What’s the “muda-factor” in your sales process?



Bottom line, though, we all need to maximize the number of hours we invest in executing the critical activities that lead to sales growth. That’s where the notion of a “muda-factor” comes into play. Muda is a Japanese word that means waste; something that consumes resources but produces no value for a customer.

The concept has been around for a long time in the manufacturing world. It’s the basis for “Lean Thinking” – a powerful business concept and a classic management book by Womack & Jones. There are a multitude of examples where its application has led to multi-hundred percent increases in performance.

Is it also a useful concept for sales?

How can it not be? Consider, especially, the guts of the definition above; “something that consumes resources but produces no value for a customer.” How much “important” stuff do you do each day that does not produce value for a customer? When you put your ToDo list together, do you think through which items will and will not produce value for a customer and prioritize them accordingly? Have you ever looked back at a week and quantified your muda vs. value-producing time?

Here’s how I looked at last week… I spent Monday morning writing a proposal and scheduling time to review it with the decision maker. I gave myself an “A” for Monday AM. The afternoon was spent driving and flying. Normally that would be a “C,” but I listened to over three hours worth of podcasts from Business Week and the Harvard Business School, so I gave myself a “B” for Monday PM. I scored each remaining half day on the same scale, then added up 1 for each A, 3 for each B, 5 for each C and came up with a muda-factor of 26 for the week. (Note that the lower the number, the more valuable the week.) Is 26 good, bad or indifferent? How did you do last week? (…and give me break since I took Thursday off to play golf with my brother and nephew.) What does your planned score for next week look like?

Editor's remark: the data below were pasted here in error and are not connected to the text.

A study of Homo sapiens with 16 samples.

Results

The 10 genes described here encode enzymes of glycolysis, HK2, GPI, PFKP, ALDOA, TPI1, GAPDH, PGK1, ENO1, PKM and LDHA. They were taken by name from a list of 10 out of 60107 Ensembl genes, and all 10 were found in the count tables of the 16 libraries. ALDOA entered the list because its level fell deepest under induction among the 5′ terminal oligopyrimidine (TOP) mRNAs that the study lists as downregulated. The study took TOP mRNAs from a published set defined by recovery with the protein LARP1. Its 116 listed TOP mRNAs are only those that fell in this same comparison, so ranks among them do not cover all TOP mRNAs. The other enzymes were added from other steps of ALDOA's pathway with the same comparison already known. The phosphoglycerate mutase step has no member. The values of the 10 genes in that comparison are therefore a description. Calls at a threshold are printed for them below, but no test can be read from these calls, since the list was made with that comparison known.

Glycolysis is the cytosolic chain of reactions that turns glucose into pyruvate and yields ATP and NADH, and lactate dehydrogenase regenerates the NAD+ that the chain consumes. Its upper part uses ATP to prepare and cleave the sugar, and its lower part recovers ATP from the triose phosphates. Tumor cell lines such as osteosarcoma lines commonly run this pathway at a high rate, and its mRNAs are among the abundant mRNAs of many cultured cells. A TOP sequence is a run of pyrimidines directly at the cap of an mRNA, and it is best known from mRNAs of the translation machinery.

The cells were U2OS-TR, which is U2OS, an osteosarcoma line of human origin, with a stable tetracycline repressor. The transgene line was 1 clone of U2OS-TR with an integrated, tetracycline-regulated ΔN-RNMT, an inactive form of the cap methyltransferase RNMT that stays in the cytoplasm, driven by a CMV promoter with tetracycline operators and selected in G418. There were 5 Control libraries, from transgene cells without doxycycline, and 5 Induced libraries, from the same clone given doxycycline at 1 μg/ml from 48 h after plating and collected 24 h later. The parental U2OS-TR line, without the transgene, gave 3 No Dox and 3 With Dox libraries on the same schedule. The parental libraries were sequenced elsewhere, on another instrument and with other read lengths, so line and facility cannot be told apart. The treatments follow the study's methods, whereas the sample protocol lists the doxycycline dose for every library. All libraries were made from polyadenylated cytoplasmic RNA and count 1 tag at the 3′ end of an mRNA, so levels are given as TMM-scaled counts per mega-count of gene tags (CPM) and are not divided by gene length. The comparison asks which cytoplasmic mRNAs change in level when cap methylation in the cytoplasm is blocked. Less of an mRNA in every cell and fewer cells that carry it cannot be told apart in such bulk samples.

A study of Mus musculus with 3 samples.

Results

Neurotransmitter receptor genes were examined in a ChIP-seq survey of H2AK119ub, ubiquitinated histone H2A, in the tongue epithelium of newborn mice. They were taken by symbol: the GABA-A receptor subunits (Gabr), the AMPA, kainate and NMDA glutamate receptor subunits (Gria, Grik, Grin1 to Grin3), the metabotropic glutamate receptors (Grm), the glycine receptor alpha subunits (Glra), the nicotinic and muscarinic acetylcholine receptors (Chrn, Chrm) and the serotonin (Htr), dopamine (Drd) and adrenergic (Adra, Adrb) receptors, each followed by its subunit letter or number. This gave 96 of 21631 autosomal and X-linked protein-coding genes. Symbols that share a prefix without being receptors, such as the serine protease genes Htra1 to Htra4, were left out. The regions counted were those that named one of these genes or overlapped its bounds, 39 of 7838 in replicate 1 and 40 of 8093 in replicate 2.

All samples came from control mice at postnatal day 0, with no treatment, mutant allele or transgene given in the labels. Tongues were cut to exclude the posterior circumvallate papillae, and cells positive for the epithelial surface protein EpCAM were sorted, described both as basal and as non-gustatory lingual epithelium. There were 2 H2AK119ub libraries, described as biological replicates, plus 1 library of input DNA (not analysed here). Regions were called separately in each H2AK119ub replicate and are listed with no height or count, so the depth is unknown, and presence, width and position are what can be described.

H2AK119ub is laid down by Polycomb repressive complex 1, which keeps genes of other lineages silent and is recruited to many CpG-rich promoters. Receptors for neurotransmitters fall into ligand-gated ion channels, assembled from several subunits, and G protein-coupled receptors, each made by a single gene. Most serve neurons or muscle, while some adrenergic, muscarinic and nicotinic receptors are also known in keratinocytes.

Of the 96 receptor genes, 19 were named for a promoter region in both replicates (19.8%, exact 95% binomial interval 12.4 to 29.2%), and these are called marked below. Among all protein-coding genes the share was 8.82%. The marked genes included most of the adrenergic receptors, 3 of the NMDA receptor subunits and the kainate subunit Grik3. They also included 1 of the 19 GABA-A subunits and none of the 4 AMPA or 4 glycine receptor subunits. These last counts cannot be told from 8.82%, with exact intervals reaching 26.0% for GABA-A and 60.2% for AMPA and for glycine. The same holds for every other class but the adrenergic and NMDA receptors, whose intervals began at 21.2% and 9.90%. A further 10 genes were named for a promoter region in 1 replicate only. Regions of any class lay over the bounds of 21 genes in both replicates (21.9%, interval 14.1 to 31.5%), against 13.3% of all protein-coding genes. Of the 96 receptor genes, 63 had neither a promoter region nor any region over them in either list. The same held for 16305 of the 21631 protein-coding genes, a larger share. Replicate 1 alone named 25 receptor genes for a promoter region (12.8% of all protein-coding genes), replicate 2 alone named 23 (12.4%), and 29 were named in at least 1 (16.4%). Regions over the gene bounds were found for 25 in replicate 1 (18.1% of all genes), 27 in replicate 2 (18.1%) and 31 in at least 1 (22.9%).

I intend to calculate my muda-factor for the past week and projected muda-factor for the next week every Friday from now on. I’ll be surprised if my scorecard doesn’t drive me to scrub out a bit more waste every week. That would also force me to continuously add more and more activity of direct value to my customers.

Sounds pretty simple. Maybe you ought to give it a try also…

Republished with author's permission from original post.

Todd Youngblood
Todd Youngblood is passionate about sales productivity. His 3+ year career in Executive Management, Sales, Marketing and Consulting has focused on selling more, better, cheaper and faster. He established The YPS Group, Inc. in 1999 based on his years of experience in Sales Process Engineering – that is, combining creativity and discipline in the design, implementation and use of work processes for highly effective sales teams.